The exhilaration of skiing can come with a hefty price, with season passes costing more than $1,200 at premier resorts. So an injury can mean lost money as well as lost fun.
A Montana company is offering an insurance policy that refunds part of that investment if a skier or snowboarder misses 30 consecutive days on the slopes because of an injury or illness.
"The general response we get from the ski industry is, 'Oh, gee, why didn't somebody think of this before?"' said Ron Iverson, president of Skier Insurance Services in Kalispell, which offers the coverage.
The policy costs 6 percent of the price of the pass, and includes $15,000 coverage for emergency evacuation from a mountain and up to $10,000 in accidental death coverage. That means a $1,029 pass would cost about $61 to insure.
Insurance industry officials say Iverson is most likely the first provider to offer such a policy in the United States. It's part of a larger industry trend of creating niche products for specific use, said Jean Salvatore, spokeswoman for the Insurance Information Institute, a nonprofit that tracks trends in insurance.
"There are only so many homes and cars out there, and business being business, you're always looking for something new," she said. "You can insure so many things, and if someone notices there's a need, they can create a product, though you don't know if it's going to succeed."
Salvatore said ski pass insurance is related to but also differs from travel insurance, another niche product. Other examples of niche insurance products are policies that cover wedding and adoption costs.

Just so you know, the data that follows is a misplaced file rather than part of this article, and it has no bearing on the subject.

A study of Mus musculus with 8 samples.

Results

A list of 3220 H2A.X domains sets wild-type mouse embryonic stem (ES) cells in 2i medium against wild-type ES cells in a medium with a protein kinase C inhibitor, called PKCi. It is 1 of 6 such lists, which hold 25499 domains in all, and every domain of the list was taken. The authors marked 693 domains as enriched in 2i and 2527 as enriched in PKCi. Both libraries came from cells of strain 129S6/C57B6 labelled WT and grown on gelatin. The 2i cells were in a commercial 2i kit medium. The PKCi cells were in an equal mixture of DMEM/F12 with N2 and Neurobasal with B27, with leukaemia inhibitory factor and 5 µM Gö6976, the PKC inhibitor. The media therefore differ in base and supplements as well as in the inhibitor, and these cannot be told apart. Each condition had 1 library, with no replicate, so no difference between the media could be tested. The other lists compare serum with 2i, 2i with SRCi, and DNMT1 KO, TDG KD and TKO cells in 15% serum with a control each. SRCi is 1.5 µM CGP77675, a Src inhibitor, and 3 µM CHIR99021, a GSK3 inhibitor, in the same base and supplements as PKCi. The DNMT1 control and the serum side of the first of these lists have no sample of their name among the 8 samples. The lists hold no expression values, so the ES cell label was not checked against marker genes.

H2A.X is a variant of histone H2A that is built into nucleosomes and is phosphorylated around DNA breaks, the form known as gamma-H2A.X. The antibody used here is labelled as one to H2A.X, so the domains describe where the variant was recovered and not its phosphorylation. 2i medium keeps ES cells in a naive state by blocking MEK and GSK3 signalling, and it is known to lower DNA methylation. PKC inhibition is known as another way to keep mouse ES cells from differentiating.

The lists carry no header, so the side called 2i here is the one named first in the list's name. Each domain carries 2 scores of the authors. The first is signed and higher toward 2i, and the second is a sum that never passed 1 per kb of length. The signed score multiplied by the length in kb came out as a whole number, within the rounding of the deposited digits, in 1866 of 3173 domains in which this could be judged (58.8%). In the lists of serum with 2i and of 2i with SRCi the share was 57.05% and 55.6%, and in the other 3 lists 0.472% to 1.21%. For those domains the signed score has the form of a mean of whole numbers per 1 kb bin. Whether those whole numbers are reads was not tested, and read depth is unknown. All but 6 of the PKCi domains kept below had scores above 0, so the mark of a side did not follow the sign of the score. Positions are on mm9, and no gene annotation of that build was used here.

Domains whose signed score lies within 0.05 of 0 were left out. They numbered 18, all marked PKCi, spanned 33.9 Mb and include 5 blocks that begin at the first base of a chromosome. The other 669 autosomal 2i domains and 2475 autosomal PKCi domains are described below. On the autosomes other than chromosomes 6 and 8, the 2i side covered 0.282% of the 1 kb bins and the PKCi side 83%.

"You can already get travel insurance to make sure the trip goes well, and insuring the pass goes hand-in-hand," she said. "It's a good complement for careful consumers."
About 150 people have bought the insurance so far, which is promoted by resorts but purchased through Skier Insurance Services' Web site. Iverson acknowledged that the company got off to a slow start marketing the product; it's also not available in some states because of differing insurance laws.
Iverson also plans to offer coverage in Canada, where ski pass insurance is already available.
Deborah Lavender, 45, of Boulder, Colo., is a season pass holder at the Eldora resort in Colorado. She bought the insurance this year because she had cancer, and is never quite certain she won't relapse.
"It was cheap, and right there, so it made sense to buy it as an extra precaution," she said. "I don't want to give up any of the season, but if I did at least I'd be able to get something back."
Eldora is promoting the insurance at its ticket windows and with mailers to season pass holders.
Iverson is offering 10 percent of the proceeds to resorts as an incentive to promote the product. Many resorts say the insurance is a good option for customers because they generally don't offer refunds.
The idea is overdue, said David Perry, vice president of Aspen Skiing Co. in Colorado, whose Premier Pass costs $1,029 for four resorts.
"We're finding that guests want more security when they shell out money for a season pass," Perry said. "In more difficult economic times, people are trying to be more careful about expenditures."
Some resorts offer discounted ski passes that are cheaper than $300 for the whole season, and figure the low price alone is worth the risk. But at least one resort with a discounted pass, Mountain Creek in New Jersey, which offers a season's skiing for $229, is still promoting insurance.
'`We thought it was a viable option for what can be a sticky situation for our customers, because we don't offer refunds" said resort spokesman Bill Benneyan. "And we want happy skiers."
Vail Resorts spokeswoman Kelly Ladyga said the company is waiting to see if the program is successful this season. She said the resorts, in Colorado, offer refunds on a case-by-case basis.